Rating: 94+ Points"
Joseph Phelps Backus Vineyard Cabernet Sauvignon 2006
Cabernet Sauvignon from Oakville, Napa Valley, California
The Wine Advocate - "The single vineyard 2006 Cabernet Sauvignon Backus Vineyard from the Oakville Corridor is a monster. A 1,100-case blend of 94% Cabernet Sauvignon and the rest Petit Verdot and Malbec, it is bursting with aromas of charcoal, scorched earth, barbecue smoke, lead pencil shavings, graphite, cassis, blackberries, and oak. Dense purple to the rim and very closed, this is a big, muscular, full-bodied effort meant for serious long-term aging. Its potential is extraordinary, but I wouldn’t want to touch a bottle for 5-8 years. It should last for three decades or more.
Wine Enthusiast - "Not the greatest Backus ever, and not in the league of the 2001 and 2005. More akin to the 2000. But shows the power and superb tannin development of this fine Oakville vineyard. Nearly 100% Cabernet Sauvignon, it’s flamboyant in blackberry, black currant and cedar flavors, with a grip of mineral or graphite. Should age quite well at least for the next 12 years, gradually losing tannins and gaining sweetness."
International Wine Cellar - "Bright ruby. Superripe aromas of cassis, graphite and mint. Sweeter and more aromatic in the mouth than the Insignia, showing a finer-grained texture and more early finesse. A rocky character and enticing violet perfume lift the middle palate, but the substantial tannins currently cut off the wine's finishing fruit. This will need patience.
Rating: 92+ Points"
Joseph Phelps Vineyards is a family-owned winery committed to crafting world class, estate-grown wines. Founded in 1973 when Joe Phelps purchased a former cattle ranch near St. Helena in the Napa Valley, the winery now controls and farms nearly 375 acres of vines on eight estate vineyards in St. Helena, the Stags Leap District, Oakville, Rutherford, Oak Knoll District, Carneros and South Napa Valley. In 1999, the Phelps family added 100 acres of vineyard property near the town of Freestone on the Sonoma Coast, where Phelps now grows Pinot Noir and Chardonnay.
Phelps is best known for its flagship Napa Valley blend of red Bordeaux varietals, Insignia, first produced in 1974. Awarded Wine Spectator's "Wine of the Year" in 2005, Insignia is widely regarded as a qualitative benchmark for California winemaking. View all Joseph Phelps Vineyards Wines
About Napa ValleyView a map of Napa Valley wineries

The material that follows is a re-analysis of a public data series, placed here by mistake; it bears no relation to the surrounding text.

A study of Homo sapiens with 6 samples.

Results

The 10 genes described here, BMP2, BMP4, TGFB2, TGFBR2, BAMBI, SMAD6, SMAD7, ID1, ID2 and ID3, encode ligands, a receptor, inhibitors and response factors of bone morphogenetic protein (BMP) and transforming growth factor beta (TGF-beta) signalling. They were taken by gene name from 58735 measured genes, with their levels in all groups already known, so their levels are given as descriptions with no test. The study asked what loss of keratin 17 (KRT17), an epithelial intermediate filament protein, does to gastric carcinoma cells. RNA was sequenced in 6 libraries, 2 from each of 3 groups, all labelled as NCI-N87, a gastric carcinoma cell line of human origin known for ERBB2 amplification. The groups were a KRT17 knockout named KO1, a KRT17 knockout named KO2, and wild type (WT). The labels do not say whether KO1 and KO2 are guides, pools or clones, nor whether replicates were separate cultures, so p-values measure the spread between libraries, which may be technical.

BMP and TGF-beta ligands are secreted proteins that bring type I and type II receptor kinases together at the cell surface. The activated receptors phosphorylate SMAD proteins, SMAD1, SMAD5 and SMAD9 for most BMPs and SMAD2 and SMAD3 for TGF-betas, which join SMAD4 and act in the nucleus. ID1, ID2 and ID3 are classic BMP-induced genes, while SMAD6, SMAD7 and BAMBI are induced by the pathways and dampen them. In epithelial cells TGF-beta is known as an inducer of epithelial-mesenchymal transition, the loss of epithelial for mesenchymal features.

It's hard not to think of Napa Valley when thinking of California wines. The region is, after all, the one that brought world recognition to California wine making. The area was settled by a few choice wine families in the 1960's who bet that the wines of the area would grow and flourish. They were right. The Napa wine industry really took off in the 1980's, when vineyard lands were scooped up and vines were planted throughout the county. A number of wineries emerged, from large conglomerates to small boutiques to cult classics. Cabernet Sauvignon is definitely the grape of choice here, with many winemakers also focusing on Bordeaux Blends. Whites are usually Chardonnay and Sauvignon Blanc.
Notable FactsWithin the Napa Valley lie smaller sub-AVAs that lend even more character specifics to the wines. Furthest south is Carneros, followed by Yountville, Oakville & Rutherford. Above those two is St.-Helena and finally, just granted an AVA, Calistoga. These areas are situated on the valley floor and are known for creating rich, smooth Cabernet Sauvignon, Merlot and Chardonnay. There are a few mountain regions as well, nestled on the slopes overlooking the valley AVAs. Those include Howell Mountain, Stags Leap and Mount Veeder. Wines from the mountain regions are often more structured and firm, benefiting from more time in the bottle to evolve and soften.
About CaliforniaIt's not rare to see a wine's country of origin listed as "California." A country into itself in the wine world, California makes enough varieties and styles to match many European wine countries. It produces a diverse range of wines that span the quality spectrum.
The most famous of the California wine regions is Napa Valley, and these wines are certainly outstanding – but it's not as broad and diverse as its larger neighbor, Sonoma County. Down south, Santa Barbara's Santa Maria Valley is well-known for its Rhône blends, as well as cool-climate varieties like Pinot and Chardonnay. The Central Coast, the largest California AVA, has many different microclimates that lead to a wide range of wines with many sub-AVAs.